For the past three years, WAN-IFRA has systematically tracked and reported on gender balance in the editorial content of 29 media we partner with in Sub Saharan Africa and the Arab Region as part of the WAN-IFRA Women in News programme. We have done this with using a Gender Balance tracker tool we developed, which tracks English and Arabic content with an average of 93% accuracy.
The tool looks at four main indicators; Mention of women, Women as main characters, Women as sources, and Women as authors.
Using this tool, the WAN-IFRA WIN team has sifted through and documented thousands of articles over a 36 month period, in addition to conducting more than 60 training sessions, with nearly a thousand editors and journalists, distributing practical training resources, newsroom toolkits, alongside feeding the results of our content analysis directly to our partners.
Despite these efforts, gender balance scores for the media we tracked did not improve between 2020 and 2023. At all. In fact, for some indicators, scores actually worsened over time.
Not once did cumulative averages surpass 19%, only a single percentage point shift from our baseline of 18% which was set at the start of the three 3 year period. This only slightly trails behind global averages, which have been stagnant at 25% for nearly two decades.
SIRI grants buck the trends
We did see a significant improvement in gender balance scores within the 18 media partners who took part in the 2022 Social Impact Reporting Initiative (SIRI) – an initiative which provides small organisational grants to media to launch innovative projects to improve their gender balance in content and attract more diverse audiences.
As part of this grant scheme, small teams from each media partner were trained in how to use the Gender Balance tracker. They were then asked to track their general content and circulate their results internally on a weekly basis.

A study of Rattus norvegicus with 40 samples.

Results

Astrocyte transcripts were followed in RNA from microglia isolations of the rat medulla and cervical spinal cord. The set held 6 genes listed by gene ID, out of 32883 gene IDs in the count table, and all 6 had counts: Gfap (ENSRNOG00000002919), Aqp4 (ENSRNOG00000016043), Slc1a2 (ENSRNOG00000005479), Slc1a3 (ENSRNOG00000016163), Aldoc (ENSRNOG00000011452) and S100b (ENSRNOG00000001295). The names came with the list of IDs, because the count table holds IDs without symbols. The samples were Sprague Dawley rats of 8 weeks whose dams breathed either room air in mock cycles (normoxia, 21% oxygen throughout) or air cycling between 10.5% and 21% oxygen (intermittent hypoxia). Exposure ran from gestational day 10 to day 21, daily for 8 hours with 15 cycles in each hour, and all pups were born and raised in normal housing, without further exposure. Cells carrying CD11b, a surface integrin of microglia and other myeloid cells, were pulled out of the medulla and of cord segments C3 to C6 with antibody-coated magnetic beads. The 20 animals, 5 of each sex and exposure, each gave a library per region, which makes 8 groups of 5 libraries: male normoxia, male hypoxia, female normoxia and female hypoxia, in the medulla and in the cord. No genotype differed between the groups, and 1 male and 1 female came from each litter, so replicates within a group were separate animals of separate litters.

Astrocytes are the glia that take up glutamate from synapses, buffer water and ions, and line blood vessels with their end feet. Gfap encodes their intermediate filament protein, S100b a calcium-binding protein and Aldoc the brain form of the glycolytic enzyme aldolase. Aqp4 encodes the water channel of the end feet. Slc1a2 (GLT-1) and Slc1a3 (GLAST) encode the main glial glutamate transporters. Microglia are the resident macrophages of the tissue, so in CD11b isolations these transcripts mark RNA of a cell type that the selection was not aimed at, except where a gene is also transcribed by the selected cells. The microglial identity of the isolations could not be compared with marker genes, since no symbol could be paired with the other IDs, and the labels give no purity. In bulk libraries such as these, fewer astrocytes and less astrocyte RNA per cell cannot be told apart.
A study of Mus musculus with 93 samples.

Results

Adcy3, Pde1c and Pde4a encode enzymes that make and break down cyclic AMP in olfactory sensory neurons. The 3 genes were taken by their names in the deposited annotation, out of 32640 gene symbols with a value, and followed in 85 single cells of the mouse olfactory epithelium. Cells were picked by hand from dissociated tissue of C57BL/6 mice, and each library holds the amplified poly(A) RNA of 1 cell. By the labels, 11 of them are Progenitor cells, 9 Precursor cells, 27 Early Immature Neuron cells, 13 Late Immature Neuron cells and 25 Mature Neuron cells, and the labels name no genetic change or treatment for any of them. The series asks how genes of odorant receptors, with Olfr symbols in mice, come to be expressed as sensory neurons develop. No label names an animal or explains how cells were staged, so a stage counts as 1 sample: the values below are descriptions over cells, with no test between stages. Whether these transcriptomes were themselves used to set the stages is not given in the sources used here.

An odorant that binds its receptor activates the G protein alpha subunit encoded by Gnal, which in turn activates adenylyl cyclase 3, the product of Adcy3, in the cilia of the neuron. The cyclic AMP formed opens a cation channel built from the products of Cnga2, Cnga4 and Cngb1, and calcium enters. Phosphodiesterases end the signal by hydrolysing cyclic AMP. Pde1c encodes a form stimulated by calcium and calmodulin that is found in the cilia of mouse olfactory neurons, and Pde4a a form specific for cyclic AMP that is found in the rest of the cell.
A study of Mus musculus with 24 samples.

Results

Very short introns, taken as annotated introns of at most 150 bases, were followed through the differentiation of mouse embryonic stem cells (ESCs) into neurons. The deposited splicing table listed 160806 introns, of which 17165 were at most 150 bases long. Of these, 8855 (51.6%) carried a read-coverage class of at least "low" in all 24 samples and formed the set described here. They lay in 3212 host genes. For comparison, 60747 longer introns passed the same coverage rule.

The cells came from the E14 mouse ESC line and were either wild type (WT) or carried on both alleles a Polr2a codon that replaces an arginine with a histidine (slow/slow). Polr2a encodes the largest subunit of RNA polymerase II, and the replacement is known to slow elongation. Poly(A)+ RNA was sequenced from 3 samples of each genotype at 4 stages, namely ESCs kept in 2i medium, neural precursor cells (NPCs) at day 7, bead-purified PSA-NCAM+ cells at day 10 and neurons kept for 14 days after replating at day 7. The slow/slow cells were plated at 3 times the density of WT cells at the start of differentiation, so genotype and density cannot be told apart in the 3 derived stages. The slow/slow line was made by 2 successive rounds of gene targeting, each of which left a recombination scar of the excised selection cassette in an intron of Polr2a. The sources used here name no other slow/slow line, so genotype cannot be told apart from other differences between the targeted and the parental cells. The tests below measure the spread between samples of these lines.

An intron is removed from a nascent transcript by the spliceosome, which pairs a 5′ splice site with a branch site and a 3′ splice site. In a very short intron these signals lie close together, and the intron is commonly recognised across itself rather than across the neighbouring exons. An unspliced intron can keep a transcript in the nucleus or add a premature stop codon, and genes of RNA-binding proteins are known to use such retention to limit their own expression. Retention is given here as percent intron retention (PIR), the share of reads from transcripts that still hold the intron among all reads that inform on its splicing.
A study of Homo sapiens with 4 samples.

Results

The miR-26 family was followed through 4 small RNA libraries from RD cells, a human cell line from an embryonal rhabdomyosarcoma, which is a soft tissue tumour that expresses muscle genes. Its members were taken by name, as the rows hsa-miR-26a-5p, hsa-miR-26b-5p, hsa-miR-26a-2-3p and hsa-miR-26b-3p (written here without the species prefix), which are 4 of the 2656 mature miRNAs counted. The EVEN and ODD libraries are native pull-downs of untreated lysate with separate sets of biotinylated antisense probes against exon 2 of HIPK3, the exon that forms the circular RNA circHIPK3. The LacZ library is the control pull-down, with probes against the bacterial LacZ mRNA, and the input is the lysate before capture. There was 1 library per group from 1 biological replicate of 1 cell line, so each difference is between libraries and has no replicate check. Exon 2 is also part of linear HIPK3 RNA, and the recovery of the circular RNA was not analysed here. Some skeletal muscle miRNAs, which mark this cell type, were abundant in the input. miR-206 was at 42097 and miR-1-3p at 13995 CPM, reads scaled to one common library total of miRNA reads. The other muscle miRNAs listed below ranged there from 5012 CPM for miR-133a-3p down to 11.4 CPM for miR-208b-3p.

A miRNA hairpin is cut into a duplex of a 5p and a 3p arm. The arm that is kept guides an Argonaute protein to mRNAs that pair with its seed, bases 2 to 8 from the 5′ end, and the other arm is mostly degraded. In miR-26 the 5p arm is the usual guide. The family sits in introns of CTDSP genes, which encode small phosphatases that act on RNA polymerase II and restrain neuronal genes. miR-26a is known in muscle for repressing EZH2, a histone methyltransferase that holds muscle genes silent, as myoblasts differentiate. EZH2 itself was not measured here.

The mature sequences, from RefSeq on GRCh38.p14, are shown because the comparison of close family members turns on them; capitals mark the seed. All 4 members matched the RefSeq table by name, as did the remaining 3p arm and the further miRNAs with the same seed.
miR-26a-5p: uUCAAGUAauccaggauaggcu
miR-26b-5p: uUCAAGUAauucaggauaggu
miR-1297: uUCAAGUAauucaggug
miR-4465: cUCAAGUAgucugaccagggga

During this three3-month period, gender balance scores rose a full 10% higher than than the three3 year average – nearly hitting the 30% mark. Alas, when we followed-up with these same media partners 6 months after the conclusion of the SIRI initiative, the majority, if not all of the figures had fallen back to their pre-activity levels. None of the teams had continued their internal tracking and reporting.
So, what have we learned from this otherwise frustrating three3-year experiment?
While impossible to draw categorical conclusions for media generally, we can deduce for our media partners at least the following: when they tracked their own data and reported their findings internally, it led to direct improvement in their gender balance scores.
When internal teams pay attention to the data themselves, they are more accountable. This conclusion is bolstered by the successful experiment of the BBC 50/50 project, which at its genesis relied on a simple spreadsheet to track sources, first by gender, and later by other social categories, on a voluntary basis. In these cases, concrete improvements were seen almost immediately. The initiative continues to see results.
Need for concerted, ongoing effort
It also reaffirms to us that bringing about real, concrete change when it comes to gender balance – and more broadly diversity and inclusion – in content, is a slow and difficult process that requires concerted effort by editorial and management teams to track, report and reflect – repeat.
It also reconfirms to WAN-IFRA WIN how relevant and necessary ongoing initiatives to recognise and celebrate excellence remain in this space, as we did most recently in Taipei with the announcement of the Women in News Editorial Leadership Award Laureates for 2023. This group of most senior editors fails to exceed the 25% mark in major media brands around the world, with only slightly better averages in the countries where WIN is active.
According to a study conducted by researcher Phillippa Lally and featured in the European Journal of Social Psychology, it takes on average 66 repetitions of a practice for it to become a habit. Perhaps our next challenge to media partners will be to track and internally report for 66 uninterrupted days.
In whatever way we approach this next in an attempt to galvanise media to move the dial on gender balance, one thing is certain: decades into the march for gender equality and inclusion, we continue to have our work cut out for us.